The 2020 Pandemic has challenged you to rise to new levels of creativity and flexibility for you and your family. Many school districts have had their teachers in Zoom virtual classrooms teaching your school age children for 4 to 5 hours a day! Also, some parents have homeschooling their children to maintain a learning environment for their children.
Now that summer has arrived, how can you leverage the familiarity with technology and combine it with the resources at your fingertips to keep your child’s thirst for knowledge alive during the Summer? Here are 3 simple strategies to create a fun adventure for your family:
1. Involve your child (or teen) in the “virtual vacation planning” process. This is essential for them to buy into the idea and maintain interest. I’d recommend creating a short list of destinations. Then let them research and choose those that interest them.
Some of these virtual tours are so marvelous “they make you feel like you are actually there”.
Where have you and your family longed to go? This is your opportunity!
2) Ask your children to write in their journal about their virtual vacation. Encourage them to record the experiences they found fascinating. Ask them 1) what they learned about each place they visited and 2) what they enjoyed most about each place? If your child is too young to write it down, ask them the two questions and write down their answers.
(Have your older children write down any questions or observations they would like to explore when they visit the destination in real life.)
3) Then have a picnic in your backyard with a few of the foods you and your children have cooked up in honor of your visit. Making special dishes your family enjoys as well as new dishes from your virtual vacation. By using new and old family favorite recipes your children will be reading and measuring out ingredients, which will help them in both math and science.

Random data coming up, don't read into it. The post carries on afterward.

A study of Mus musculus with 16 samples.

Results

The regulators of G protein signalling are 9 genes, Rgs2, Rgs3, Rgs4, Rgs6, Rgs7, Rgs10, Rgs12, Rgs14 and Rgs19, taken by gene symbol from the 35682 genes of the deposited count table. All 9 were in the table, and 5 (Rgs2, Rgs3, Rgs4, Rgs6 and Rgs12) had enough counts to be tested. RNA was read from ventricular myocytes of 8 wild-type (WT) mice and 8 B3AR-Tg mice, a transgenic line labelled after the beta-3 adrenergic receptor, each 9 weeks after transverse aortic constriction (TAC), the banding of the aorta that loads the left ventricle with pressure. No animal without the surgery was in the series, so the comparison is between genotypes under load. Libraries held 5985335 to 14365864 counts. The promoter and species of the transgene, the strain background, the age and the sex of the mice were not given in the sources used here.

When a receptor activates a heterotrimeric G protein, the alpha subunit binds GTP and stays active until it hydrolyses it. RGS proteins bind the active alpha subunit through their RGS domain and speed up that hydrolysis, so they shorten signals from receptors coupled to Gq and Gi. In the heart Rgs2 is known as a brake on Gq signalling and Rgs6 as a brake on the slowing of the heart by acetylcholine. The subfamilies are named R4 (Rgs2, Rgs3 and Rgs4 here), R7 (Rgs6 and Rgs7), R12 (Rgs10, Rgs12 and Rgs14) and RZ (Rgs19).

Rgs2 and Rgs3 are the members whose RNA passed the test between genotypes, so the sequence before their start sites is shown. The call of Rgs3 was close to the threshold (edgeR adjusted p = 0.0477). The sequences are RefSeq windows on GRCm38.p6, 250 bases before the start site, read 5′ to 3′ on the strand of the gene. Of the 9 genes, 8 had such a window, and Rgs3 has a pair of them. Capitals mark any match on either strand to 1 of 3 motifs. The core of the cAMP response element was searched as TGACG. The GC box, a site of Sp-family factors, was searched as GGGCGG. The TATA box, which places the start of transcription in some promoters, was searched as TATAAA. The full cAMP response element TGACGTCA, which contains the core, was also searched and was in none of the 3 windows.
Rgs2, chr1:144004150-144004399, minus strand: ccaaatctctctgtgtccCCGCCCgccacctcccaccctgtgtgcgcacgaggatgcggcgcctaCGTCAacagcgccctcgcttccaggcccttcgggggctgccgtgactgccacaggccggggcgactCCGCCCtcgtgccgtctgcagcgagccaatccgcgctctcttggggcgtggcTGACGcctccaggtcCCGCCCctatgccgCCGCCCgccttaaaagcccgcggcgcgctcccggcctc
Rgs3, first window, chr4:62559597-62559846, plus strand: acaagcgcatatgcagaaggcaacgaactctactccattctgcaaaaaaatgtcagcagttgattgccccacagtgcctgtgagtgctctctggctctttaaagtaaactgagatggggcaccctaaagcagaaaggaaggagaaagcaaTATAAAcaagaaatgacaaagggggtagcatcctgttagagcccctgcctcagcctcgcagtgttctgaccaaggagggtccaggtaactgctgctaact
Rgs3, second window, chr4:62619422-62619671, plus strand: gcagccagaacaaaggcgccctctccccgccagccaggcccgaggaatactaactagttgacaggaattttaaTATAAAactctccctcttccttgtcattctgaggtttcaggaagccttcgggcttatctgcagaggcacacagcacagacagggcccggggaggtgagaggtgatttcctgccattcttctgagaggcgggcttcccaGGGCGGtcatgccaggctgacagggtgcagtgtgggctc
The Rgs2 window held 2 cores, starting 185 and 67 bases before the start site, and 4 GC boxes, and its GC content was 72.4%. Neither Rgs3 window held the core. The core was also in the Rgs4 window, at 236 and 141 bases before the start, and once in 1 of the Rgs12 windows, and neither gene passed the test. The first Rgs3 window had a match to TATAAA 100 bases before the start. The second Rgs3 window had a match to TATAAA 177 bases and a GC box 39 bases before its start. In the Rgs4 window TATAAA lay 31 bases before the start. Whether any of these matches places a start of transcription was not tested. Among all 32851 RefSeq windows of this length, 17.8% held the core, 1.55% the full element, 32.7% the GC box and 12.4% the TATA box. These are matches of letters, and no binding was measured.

I remember fondly cooking meals with my Mom and Grandma. With my Mom, we made pecan and pumpkin pies, and blintzes. My Grandma Mary, educated me in the fine art of creating Hungarian cuisine to make stews, roasts and sides. It all began with cooking the sauces for 3 to 4 hours with the stew meat and adding in the Hungarian spices. The stews and roasts were delicious and the pies were mouthwatering. Many years later I played concerts in Hungary at their Liszt Academy of Music and eat at fabulous restaurants with my husband while listening to Robby Lakatos, Gypsy violinist.
*At your picnic have each person reads their responses to their two questions. Ask your younger children to answer the two questions and if needed quietly remind them what they said earlier when you wrote it down for them. You want to begin your children’s creative process of learning and thinking.
* Have reading family time every night. Involve your child or teen by asking for their input in selecting an adventure story they would enjoy reading as a family. Parents begin by reading with excitement and joy using different voices for each character. Then ask your older children to read and do this too! Afterwards discuss the story you have read together by asking your children questions to guide them through their thought process.
Here are a few resources to start with for your virtual vacation:
Disney Virtual with Rides https://www.travelandleisure.com/trip-ideas/disney-vacations/watch-disney-rides-on-youtube
Australia and Great Barrier Reef https://www.insider.com/australia-virtual-tour-guide-great-barrier-reef-2020-4
Virtual Venice https://www.thegeographicalcure.com/post/virtual-venice-how-to-tour-venice-from-home
So, where have you and your children decided to travel on your virtual vacation?
Are their Journals ready to go?
Have your children decided what food they want to cook for their picnic after their virtual travel?
What recipes do your children want to search for on the internet?